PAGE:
BofA doesn’t believe in treating borrowers fairly
Bank of America is setting up a bad bank, which will be run by Terry Laughlin. Roughly half of its 14 million mortgages are going to be carved off and put into the bad bank, in an attempt, according to FBR analyst Paul Miller, “to get investors focus on the good” and as “a way to talk about good things and ignore the bad.” The presentation which Laughlin handed out talks about how his new group will work on loan modifications for delinquent customers: “as borrowers default,” he said, “we’ll evaluate them for a loan modification.”
Essentially BofA is doing two things here. One is to try to sweep its bad loans under the carpet by creating the new Legacy Asset Servicing unit; the other is to step up its pushback against the proposed mortgage-servicing settlement, which quite explicitly does include loan modifications for borrowers who aren’t in default. Check out part II.K.8:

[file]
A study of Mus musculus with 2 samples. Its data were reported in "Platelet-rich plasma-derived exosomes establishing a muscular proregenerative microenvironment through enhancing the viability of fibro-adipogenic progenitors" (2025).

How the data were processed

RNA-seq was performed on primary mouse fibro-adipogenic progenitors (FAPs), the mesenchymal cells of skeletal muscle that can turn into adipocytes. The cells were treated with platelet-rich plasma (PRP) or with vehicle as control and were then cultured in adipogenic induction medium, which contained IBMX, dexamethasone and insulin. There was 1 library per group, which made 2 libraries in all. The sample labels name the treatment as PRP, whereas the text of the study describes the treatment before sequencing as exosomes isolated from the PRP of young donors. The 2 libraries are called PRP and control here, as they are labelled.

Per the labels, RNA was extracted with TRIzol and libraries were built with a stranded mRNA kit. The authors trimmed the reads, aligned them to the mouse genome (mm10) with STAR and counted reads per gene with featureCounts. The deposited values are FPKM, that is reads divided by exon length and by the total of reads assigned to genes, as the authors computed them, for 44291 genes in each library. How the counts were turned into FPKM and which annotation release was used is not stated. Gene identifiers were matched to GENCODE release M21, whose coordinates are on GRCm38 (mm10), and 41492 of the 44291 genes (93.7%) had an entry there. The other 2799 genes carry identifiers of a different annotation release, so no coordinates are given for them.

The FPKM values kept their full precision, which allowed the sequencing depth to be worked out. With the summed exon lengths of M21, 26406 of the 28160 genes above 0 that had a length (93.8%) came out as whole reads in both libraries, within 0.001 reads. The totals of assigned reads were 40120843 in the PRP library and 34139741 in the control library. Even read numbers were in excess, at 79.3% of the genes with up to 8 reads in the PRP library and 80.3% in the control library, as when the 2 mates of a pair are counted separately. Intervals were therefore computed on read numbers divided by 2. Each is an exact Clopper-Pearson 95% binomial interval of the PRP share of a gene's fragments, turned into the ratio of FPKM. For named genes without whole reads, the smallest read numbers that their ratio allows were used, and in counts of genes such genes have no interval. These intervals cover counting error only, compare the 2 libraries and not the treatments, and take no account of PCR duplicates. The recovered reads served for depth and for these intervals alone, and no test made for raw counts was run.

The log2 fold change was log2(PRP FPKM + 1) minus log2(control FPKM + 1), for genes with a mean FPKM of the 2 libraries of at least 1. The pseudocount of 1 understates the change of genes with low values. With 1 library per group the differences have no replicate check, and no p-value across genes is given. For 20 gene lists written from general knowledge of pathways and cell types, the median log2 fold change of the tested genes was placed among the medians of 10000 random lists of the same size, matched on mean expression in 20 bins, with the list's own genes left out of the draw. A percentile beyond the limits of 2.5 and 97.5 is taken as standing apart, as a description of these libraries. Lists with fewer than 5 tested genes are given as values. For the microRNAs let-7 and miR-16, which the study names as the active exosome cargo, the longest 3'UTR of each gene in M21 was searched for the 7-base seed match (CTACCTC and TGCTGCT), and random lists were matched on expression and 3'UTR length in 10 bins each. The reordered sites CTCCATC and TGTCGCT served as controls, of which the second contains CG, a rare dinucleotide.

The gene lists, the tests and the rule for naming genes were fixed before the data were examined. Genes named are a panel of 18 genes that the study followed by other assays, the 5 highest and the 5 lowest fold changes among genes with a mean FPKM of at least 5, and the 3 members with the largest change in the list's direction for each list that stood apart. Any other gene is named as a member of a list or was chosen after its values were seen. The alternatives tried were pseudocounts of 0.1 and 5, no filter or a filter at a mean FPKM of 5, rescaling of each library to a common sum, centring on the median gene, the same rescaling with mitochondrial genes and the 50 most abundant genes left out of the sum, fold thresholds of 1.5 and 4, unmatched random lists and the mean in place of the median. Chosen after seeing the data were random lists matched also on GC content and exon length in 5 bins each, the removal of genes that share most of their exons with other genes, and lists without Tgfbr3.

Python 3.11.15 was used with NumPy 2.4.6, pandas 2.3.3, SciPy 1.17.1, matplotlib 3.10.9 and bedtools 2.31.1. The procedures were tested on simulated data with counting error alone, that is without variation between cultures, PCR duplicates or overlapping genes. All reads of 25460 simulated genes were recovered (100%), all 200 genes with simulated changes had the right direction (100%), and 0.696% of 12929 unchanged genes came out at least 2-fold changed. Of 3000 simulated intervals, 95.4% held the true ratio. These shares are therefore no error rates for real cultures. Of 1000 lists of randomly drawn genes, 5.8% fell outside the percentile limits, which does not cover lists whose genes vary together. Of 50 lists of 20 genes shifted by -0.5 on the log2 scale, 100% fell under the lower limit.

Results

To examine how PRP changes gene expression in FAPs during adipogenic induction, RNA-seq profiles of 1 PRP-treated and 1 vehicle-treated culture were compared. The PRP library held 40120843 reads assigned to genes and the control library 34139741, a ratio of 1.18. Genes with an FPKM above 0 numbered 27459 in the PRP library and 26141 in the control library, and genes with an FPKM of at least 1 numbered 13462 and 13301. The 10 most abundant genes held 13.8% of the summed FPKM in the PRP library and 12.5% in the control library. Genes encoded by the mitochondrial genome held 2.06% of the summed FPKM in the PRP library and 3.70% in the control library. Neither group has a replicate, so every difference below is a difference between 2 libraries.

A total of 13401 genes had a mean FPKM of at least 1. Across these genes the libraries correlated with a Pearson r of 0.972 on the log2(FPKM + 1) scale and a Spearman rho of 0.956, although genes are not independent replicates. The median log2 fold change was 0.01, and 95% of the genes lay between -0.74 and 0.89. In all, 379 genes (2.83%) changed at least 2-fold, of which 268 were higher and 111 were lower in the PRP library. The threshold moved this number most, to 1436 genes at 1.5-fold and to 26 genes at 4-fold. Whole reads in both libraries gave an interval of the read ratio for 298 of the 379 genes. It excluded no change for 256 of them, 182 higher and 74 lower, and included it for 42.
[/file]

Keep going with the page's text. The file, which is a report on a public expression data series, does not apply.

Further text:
Servicer’s employees shall not instruct, advise or recommend that borrowers go into default in order to qualify for loss mitigation relief.
This is something BofA hates — because it opens the door to underwater borrowers who are making timely payments being able to get a loan modification and thereby reduce the value of the loan. And BofA CEO Brian Moynihan is on the warpath against it, saying that such a system would be unfair to borrowers who don’t get their loans modified.
As Adam Levitin points out, Moynihan’s line of argument is pretty disingenuous. There’s nothing in the proposed settlement which forces BofA or anybody else to do anything unfair: indeed, BofA is encouraged to draw up its own set of standards and then apply them to all of its borrowers in a consistent manner. The real reason that BofA is fighting back is simple: if it behaved according to the settlement’s guidelines, it would lose some of that $35 billion to $40 billion a year that Moynihan reckons it should be able to make going forwards.
I’m pretty sure that no bank in the history of the world has ever made $40 billion in one year, and that no bank ever should, with the unique exception of the Federal Reserve. Bank of America is far too big to fail, and as such it benefits greatly from an implicit government guarantee. The least it can do in return is treat its borrowers fairly.